11,856 on trolleys in May - winter trolley numbers in summer
Press release 31.5.23
11,856 people, including 300 children were on trolleys in the month of May according to the Irish Nurses and Midwives Organisation.
The Irish Nurses and Midwives Organisation has called on the HSE to take immediate corrective measures to deal with the ongoing trolley crisis.
The top 5 most overcrowded hospitals include:
University Hospital Limerick – 1857 patients
Cork University Hospital - 1310 patients
University Hospital Galway - 896 patients
Sligo University Hospital – 751 patients
Tallaght University Hospital – 704 patients
INMO General Secretary, Phil Ní Sheaghdha said:
“The number of patients we have seen on trolleys in the month of May are higher than January 2023, when we saw the worst levels of daily hospital overcrowding since the INMO began counting trolleys. This type of overcrowding at the beginning of summer must be immediately addressed to prevent an even more chaotic winter.
“Nurses are working in a system that has normalised over 500 people a day on trolleys. They have had little to no reprieve from overcrowding. Our members are reporting high levels of burnout and their intention to leave their current work area is higher than it has ever been.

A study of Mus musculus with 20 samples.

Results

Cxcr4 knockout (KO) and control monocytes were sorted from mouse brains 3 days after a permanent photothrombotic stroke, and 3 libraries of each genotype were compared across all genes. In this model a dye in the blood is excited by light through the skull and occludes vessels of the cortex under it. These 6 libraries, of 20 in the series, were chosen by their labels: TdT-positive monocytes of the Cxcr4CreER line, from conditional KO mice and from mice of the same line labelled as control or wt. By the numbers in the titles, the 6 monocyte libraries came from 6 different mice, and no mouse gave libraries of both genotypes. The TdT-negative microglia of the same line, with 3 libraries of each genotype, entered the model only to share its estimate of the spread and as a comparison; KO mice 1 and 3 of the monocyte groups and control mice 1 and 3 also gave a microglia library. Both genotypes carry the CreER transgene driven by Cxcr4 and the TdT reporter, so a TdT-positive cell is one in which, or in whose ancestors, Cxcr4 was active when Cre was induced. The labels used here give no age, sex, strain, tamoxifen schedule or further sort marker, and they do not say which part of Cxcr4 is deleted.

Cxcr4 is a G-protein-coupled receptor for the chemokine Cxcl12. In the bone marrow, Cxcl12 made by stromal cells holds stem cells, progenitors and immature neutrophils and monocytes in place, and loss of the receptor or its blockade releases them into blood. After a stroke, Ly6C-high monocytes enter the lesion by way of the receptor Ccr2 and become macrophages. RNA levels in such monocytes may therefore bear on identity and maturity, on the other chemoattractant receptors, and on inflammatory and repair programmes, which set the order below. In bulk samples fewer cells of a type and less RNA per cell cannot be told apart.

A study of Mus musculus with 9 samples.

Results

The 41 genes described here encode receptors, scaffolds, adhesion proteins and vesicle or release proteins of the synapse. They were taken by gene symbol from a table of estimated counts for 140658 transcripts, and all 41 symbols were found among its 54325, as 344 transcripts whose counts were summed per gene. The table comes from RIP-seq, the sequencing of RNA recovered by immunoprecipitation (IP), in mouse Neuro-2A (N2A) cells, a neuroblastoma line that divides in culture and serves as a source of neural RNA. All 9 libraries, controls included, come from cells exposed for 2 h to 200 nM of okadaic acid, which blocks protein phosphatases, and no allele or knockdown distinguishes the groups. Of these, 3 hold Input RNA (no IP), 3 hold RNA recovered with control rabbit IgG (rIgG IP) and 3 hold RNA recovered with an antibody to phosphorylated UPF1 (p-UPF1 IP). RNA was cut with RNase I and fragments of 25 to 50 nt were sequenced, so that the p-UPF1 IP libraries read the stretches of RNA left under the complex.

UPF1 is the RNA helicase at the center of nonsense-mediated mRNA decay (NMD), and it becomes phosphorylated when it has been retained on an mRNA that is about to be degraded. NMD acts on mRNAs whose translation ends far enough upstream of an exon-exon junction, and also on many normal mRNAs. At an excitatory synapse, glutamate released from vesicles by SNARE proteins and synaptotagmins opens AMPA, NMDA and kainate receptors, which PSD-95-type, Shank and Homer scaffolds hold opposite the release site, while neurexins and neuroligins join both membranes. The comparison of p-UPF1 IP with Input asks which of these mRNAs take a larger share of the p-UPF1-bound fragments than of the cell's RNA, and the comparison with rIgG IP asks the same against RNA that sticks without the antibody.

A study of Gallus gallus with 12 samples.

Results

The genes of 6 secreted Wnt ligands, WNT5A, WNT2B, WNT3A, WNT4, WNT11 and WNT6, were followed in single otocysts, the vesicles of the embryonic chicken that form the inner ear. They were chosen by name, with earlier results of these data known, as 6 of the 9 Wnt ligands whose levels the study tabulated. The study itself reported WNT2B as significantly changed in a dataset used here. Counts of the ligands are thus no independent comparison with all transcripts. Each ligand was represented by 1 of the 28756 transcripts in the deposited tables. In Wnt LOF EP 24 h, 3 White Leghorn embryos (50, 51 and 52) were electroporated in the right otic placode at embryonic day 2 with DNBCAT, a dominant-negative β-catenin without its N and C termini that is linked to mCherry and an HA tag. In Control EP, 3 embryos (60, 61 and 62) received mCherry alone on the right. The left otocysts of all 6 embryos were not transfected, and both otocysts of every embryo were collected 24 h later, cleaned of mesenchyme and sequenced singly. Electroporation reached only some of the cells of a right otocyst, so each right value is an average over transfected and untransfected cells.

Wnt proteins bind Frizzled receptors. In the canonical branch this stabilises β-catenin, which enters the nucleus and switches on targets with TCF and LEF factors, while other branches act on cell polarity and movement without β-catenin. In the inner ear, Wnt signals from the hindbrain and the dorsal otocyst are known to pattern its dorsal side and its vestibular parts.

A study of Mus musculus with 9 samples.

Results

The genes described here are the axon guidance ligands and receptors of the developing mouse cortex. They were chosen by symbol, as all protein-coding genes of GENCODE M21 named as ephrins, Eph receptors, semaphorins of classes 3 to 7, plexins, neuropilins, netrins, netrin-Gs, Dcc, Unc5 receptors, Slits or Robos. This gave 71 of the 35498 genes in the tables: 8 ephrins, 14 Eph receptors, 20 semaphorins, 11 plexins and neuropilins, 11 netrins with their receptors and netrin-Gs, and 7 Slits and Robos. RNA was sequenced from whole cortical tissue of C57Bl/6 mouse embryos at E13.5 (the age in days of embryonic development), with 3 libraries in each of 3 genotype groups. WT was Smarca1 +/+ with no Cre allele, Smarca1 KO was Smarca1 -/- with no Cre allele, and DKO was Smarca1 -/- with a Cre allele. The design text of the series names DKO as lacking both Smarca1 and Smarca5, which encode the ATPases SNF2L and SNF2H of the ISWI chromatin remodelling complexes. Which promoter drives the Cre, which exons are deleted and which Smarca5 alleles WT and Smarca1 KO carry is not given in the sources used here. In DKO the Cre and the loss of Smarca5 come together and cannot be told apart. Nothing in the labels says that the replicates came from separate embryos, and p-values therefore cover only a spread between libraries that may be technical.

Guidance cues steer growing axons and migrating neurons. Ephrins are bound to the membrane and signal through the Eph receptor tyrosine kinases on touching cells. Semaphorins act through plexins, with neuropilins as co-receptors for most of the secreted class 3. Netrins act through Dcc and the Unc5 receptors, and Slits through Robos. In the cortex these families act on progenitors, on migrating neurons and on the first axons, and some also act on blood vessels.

“At yesterday’s meeting of the Emergency Department Taskforce, which the INMO co-chairs with the HSE, we were provided with stark warnings from public health experts that we are facing into another difficult winter when it comes to RSV and influenza. Corrective action must be taken now to ease the pressure in our hospitals.
“We need to see a laser-like focus from Government and the HSE to tackling the overcrowding crisis in our hospitals once and for all. The corrective measures we seek are proper planning of the cancellation of non-urgent elective surgery in line with public health projections; pre-arranged agreements with private acute hospitals to provide non-urgent elective surgery; and bespoke retention and recruitment initiatives to be implemented now to ensure staffing for additional capacity that is definitely going to be needed.”